Alumna uncovers rich history in Scotland

by Jen Johnson,

Michelle Atherton’s Willamette experience led her to a unique conservation project abroad.

  • Michelle Atherton
    Michelle Atherton ’15 is part of a team cataloging works for the National Trust for Scotland.

Surrounded by treasures on Scotland’s coast, Michelle Atherton ’15 is documenting history — and making it in the process.

She’s part of a team sprawled throughout the country with one goal: To photograph and catalog at least 100,000 valuables stashed in castles, palaces and homes. Atherton, who’s developing her career as a curator, says, “It’s unlikely that I’ll ever see a project of its size and scope again.”

For the first time, the country’s biggest conservation charity — the National Trust for Scotland — is creating a comprehensive inventory of the historic artifacts in its collection, valued at over $500 million. Eventually, the charity wants to enter the full collection into an online database accessible to researchers and the public worldwide.

Atherton is one of 26 members chosen for the 18-month Project Reveal. Her team is cataloging works situated in “ballrooms and basements” at 11 properties near Edinburgh. Collections span paintings, furniture, textiles and even taxidermy.

Atherton gained valuable experience in such work while an art history major at Willamette. She spent one summer in Italy completing osteology field work for an archaeology project, and she interned and worked at the Hallie Ford Museum of Art, where she learned how to move artwork, catalog new accessions and use a collections database — “the exact skills I’m using in my new job,” she says.

After graduating from Willamette, Atherton moved to Edinburgh to pursue her art history master’s degree. While earning her degree, she cataloged “bizarre, fascinating and graphic” medical instruments for one of the oldest museums in the country and curated a display for a major art gallery. Her work afforded a strong network of professional connections that led to the National Trust for Scotland opportunity.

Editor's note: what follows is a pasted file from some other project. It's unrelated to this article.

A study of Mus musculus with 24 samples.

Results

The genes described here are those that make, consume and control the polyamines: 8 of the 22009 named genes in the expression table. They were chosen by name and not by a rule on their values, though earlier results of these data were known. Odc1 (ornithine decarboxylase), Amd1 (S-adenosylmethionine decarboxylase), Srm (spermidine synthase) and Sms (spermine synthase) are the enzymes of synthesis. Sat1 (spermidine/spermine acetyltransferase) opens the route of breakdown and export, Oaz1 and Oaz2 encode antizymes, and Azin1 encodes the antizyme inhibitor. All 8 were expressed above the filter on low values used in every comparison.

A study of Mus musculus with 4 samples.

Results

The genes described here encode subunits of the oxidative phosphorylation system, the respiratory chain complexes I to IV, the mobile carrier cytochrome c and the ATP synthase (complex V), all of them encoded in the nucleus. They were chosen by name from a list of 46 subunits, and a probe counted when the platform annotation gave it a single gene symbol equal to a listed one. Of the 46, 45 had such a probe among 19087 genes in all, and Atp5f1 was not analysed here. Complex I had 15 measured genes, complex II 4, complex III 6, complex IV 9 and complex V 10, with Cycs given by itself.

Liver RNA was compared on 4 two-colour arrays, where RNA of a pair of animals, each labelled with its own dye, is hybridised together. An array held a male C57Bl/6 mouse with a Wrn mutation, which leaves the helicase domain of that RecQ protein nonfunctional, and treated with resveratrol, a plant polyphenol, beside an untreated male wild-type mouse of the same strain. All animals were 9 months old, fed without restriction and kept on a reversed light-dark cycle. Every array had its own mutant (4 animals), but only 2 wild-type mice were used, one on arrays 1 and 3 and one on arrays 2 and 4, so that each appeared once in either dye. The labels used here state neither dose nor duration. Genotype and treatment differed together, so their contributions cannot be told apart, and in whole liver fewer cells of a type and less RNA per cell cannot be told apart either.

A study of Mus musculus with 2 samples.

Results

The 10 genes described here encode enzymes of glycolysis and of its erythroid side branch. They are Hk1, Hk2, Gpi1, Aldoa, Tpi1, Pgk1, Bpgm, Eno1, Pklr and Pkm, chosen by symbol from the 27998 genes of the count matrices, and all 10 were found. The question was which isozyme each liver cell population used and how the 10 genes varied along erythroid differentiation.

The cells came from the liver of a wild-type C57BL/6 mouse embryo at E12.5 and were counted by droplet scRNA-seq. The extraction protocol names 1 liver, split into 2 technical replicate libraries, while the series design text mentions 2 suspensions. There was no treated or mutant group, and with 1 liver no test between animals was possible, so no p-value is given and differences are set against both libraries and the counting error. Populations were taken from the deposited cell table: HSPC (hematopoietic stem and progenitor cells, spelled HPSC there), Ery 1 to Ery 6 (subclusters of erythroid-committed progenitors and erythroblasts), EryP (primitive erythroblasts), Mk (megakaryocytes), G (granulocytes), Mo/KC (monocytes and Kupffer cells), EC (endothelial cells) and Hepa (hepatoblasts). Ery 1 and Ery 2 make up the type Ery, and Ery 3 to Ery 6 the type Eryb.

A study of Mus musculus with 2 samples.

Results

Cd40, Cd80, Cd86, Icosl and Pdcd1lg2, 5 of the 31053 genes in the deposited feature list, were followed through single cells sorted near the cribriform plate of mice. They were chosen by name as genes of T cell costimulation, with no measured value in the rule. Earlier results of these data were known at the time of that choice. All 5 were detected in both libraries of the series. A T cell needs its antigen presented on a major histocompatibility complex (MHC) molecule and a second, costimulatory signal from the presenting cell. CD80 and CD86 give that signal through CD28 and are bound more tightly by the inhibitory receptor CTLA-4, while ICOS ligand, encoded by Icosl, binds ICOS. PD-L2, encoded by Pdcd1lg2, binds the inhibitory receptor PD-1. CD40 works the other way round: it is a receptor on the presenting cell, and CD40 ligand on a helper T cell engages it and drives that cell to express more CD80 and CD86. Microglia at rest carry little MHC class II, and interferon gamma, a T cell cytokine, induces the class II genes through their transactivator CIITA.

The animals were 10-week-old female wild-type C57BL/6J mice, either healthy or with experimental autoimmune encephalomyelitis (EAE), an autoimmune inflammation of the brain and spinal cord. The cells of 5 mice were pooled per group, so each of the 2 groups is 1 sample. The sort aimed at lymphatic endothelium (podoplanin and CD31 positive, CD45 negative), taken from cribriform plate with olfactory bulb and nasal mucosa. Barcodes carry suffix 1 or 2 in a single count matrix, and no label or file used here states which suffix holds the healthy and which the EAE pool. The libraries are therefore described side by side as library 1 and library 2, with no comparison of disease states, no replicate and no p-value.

On her first day on Project Reveal, her team visited the Georgian House, an 18th-century home filled with pianos, dining room sets and a cellar holding at least 300 wine bottles. Next stop was Newhailes, a large country estate on the coast, where every inch of the Rococo-style interior — from the door frames to the furniture — is covered in shell motifs and a polar bear skin rug sprawls across a library floor. Hidden within the library, a smaller room containing hundreds of pieces of fragile china presented a big challenge for Atherton’s team to document.

One morning, she wandered the woods near the 17th-century estate and discovered an aging shell grotto formerly surrounded by water gardens.

“That’s the nature of the project — stumbling across something amazing that you didn’t know was there,” she says. “I’m most excited about the unknown!”

Atherton notes the project will “have outcomes that enhance Scottish heritage for years to come.” After the National Trust for Scotland creates the database, the charity can move forward with conservation and new exhibitions that share its treasure trove with the public.

The sheer scope of Project Reveal and the vast reach of the conservation charity — from castles to the Scottish countryside — is the very reason Atherton wanted to work for it in the first place.

She says, “I’m grateful for the feeling that I’m part of something much larger than myself.”

This article was originally published in the fall 2017 issue of Willamette magazine.